Sunday, March 2, 2014

Discovering the Roots of Your Own Spirituality: Session 3: Art as Spiritual Mirror


Session 3: Art as Mirror


Artist: Frank Howell

Presenter needs to remember: 
1. to remind everyone via email to bring a piece of art with them to class
2. sheets of paper and writing instruments

3. Treats

1.        Check in and comments and questions about the readings.  Today we played with the idea of the spiritual path as a razor-blade...the fear, awe, focus and intent us such imagery in attempts to bring a spiritual path into the realm of language.

Going Deeper:  What word images do you use for the "path" or "way" that you tread?  What do those images say about you and your spiritual process? 

We lit our chalice today preceded by some deep centering breaths and moments of silence.  This transition is very, very useful prior to the exercise that follows....

2.     A  Spiritual Artwalk   

1.        Set out each piece of art with a blank piece of paper beside it. You may have to  use several tables so there is a sense of space and room for folks to work easily.

2.        Each person will then circulate from art offering to art offering, jotting down an answer to the following questions:
                                                                i.      what does the artwork say about the spiritual journey in general?
                                                                ii.      what does the artwork say to you about this person?
                                                                ii.      how did the artwork speak to you personally?

3.     Everyone collects their sheets of comments and then go  into small groups and talk about:

   A. what insights did you gain about this exercise?  

   B. What did the exercise itself say about the spiritual path, seeing our own psyches and souls mirrored by art and trying to see "into" an other human being through the lens of the art that moves them.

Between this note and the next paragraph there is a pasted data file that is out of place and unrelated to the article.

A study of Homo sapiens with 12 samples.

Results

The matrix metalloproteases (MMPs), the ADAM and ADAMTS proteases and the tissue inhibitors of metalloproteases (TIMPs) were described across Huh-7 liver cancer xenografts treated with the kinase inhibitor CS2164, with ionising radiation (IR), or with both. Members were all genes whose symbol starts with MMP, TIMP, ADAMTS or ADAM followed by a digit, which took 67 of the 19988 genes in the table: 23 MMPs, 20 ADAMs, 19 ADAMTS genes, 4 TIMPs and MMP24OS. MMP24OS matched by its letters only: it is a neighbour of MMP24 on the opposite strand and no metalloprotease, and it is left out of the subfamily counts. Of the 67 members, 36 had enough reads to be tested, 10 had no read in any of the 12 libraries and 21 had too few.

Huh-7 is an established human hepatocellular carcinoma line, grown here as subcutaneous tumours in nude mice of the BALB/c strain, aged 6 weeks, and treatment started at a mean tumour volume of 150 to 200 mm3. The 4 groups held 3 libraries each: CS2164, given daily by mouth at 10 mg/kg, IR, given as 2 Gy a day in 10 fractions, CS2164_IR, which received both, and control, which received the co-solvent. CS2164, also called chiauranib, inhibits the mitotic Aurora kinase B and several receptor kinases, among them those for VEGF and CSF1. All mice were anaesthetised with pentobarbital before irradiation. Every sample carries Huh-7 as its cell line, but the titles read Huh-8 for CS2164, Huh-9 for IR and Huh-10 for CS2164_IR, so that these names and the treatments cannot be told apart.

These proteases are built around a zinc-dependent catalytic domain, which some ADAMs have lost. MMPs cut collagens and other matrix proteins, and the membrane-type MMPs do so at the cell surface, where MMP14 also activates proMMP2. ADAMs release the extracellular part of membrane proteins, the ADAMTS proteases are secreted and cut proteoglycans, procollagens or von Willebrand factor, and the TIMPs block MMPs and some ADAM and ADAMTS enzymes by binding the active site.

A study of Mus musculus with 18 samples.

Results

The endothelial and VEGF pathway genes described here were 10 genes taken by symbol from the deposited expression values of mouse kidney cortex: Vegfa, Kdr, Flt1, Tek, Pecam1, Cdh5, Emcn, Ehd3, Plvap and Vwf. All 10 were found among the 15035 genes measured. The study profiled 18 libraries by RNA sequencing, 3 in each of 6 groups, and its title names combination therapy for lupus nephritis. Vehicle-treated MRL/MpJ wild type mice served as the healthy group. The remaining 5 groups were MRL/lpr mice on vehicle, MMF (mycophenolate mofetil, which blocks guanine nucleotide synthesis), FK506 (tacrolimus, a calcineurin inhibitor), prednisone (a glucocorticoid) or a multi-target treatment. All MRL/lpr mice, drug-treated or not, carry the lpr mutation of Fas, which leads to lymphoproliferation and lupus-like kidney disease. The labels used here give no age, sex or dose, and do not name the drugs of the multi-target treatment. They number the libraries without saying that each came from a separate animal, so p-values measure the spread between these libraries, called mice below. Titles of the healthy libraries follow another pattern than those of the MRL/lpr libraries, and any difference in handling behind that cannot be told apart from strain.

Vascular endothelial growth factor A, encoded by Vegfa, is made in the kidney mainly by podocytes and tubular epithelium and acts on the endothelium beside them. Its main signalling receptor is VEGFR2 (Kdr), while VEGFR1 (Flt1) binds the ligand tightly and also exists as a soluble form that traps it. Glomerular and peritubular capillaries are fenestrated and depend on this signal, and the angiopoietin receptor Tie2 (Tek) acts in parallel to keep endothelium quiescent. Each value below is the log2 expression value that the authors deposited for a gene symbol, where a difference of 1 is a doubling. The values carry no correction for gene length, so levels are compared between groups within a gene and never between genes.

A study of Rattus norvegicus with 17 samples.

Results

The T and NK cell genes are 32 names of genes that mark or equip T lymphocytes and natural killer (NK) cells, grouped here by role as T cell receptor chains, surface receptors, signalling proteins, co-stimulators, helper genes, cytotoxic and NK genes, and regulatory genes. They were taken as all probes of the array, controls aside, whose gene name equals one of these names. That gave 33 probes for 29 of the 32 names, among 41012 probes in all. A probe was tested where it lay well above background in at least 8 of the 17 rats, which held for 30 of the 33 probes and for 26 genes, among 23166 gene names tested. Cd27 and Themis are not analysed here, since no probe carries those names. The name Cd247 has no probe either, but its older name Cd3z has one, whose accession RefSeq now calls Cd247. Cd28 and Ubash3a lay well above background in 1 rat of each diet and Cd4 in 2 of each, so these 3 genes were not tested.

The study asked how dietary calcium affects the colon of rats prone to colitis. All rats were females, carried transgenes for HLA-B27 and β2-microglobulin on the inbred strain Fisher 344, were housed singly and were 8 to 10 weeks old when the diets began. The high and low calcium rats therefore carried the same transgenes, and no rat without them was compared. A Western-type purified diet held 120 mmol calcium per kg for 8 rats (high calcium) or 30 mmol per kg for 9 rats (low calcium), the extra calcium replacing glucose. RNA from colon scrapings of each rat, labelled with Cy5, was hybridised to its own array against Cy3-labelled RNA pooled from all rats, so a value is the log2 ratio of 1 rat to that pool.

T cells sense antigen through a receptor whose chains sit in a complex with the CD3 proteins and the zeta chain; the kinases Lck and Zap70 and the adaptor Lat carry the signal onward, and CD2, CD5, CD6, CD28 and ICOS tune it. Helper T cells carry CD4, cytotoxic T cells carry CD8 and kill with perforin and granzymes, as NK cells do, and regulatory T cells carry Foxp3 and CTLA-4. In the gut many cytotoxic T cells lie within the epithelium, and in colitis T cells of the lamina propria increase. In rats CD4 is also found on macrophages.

C. How accurate were the comments you received, and how do you feel when someone is way off from your own personal interpretation?

   D. What is that moment of viewing art that happens before the words and analysis start?  

4. Re-gather and ask: what will be your "take away" today?  What did you learn from this exercise?

5. Close with hands in a circle, honoring the art that is each of us and the many eyes who see us bringing that creative self to life.


Going Deeper:  How could this process be used with people at your work place?  With children?  With community art galleries?  What would be the ramifications of using this exercise in such places?

Preparing for next time:  Remind folks to bring a piece of music with them!  And to let the facilitator know if any special equipment might be needed to play their selected music!

Readings for this time included:
Razor’s Edge (Pg 155-163) in Everyday Zen by Joko Beck
               San Francisco, CA:  Harper-Collins, 1989 (American Zen)

Prologue (page 2-11) from The Return of the Prodigal Son by Henri J. M.                                          Nouwen. New York, NY: Image Book, 1992 (Catholic)

Easy is Right: Chuang Tzu (pg 336-345) in The Pillars of Consciousness by                                         Osho.  New York, NY :Shelter Harbor Press, 2013.